Businessman caught by ATO

THE Australian Tax Office worked closely with the Federal Police to bring disgraced Northern Rivers businessman Paul Joseph McMahon to justice.

On Friday, Sydney District Court Judge Robyn Tupman sentenced McMahon to six years jail, with a non parole period of four years, describing him as a conman and confidence trickster.

McMahon, who was living in Casino, pleaded guilty to 15 counts of dishonestly obtaining a financial advantage by deception and 24 counts of attempting to obtain a financial advantage by deception.

The ATO said they were investigating McMahon over a Business Activity Statement lodged in 2001/02 when he went to ground.

When he turned up in Casino in May 2006, the Federal Police raided his home on the ATO's request.

They found a number of incriminating documents relating to fraud and the use of as many as 42 stolen identities.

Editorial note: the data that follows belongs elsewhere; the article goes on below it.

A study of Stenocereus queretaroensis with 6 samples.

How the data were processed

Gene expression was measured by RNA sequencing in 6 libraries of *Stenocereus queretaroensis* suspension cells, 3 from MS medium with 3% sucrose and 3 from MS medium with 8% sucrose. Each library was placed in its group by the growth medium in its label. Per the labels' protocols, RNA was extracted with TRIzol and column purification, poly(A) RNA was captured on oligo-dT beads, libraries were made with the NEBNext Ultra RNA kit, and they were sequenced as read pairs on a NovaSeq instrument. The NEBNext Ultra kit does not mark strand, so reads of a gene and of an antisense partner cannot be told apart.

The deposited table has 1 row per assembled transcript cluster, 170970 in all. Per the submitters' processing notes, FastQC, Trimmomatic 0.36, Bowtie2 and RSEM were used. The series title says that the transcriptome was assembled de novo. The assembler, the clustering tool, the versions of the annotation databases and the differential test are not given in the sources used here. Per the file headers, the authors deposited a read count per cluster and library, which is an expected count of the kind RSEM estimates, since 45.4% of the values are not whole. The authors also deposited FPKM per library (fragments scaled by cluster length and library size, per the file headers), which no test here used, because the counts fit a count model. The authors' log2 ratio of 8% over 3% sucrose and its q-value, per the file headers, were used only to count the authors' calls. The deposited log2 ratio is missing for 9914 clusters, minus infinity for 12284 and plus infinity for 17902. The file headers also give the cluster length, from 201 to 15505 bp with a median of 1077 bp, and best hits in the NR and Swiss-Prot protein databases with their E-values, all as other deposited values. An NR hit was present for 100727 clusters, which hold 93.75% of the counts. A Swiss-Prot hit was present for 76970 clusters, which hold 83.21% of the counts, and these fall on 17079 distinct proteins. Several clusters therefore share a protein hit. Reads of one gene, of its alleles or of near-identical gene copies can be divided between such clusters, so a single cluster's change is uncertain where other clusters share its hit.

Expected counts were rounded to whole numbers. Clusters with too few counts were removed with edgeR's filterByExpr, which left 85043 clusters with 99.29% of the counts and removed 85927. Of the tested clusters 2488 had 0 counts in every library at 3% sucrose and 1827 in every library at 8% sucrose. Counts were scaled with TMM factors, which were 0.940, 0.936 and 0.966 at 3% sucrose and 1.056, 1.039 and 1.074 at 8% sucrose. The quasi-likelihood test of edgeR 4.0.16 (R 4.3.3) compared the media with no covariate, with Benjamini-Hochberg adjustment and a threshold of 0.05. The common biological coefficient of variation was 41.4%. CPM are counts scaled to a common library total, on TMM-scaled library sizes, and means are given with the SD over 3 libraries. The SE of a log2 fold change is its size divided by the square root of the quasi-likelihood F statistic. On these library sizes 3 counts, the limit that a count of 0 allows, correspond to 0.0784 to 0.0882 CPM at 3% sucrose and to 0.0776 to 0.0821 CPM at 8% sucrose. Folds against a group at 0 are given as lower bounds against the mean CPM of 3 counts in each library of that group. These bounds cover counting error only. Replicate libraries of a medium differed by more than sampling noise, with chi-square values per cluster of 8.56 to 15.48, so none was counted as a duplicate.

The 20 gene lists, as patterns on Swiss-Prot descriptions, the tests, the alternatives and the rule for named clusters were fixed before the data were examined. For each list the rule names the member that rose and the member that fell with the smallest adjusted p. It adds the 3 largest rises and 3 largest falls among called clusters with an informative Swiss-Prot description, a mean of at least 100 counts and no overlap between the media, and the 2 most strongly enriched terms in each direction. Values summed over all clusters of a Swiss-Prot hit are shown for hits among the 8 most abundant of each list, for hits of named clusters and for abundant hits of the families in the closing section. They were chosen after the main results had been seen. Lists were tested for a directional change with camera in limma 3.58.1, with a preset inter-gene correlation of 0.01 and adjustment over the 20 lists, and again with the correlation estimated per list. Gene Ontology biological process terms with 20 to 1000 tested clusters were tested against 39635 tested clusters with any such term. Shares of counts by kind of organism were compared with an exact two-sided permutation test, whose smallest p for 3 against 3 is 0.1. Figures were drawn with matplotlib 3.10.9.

The court heard the identities belonged to former colleagues and people born around the same time as McMahon.

The ATO said McMahon received $293,772, largely paid in refunds to various company bank accounts under his control.

McMahon attempted to obtain a further $378,719 in refunds but was stopped when the Tax Office discovered the fraud.

He settled a separate Proceeds of Crime civil case to repay the money fraudulently obtained from the Tax Office.

McMahon was once known on the North Coast as the man who struck million-dollar property deals for a living.

At the time his creditors extended across the North Coast to Sweden, The Netherlands and Luxembourg.

Tax Commissioner Michael D'Ascenzo yesterday issued a warning to anyone considering following in McMahon's footsteps.

“Anyone attempting to defraud the Commonwealth by lodging a false activity statement is likely to come under criminal investigation and may serve time in jail.”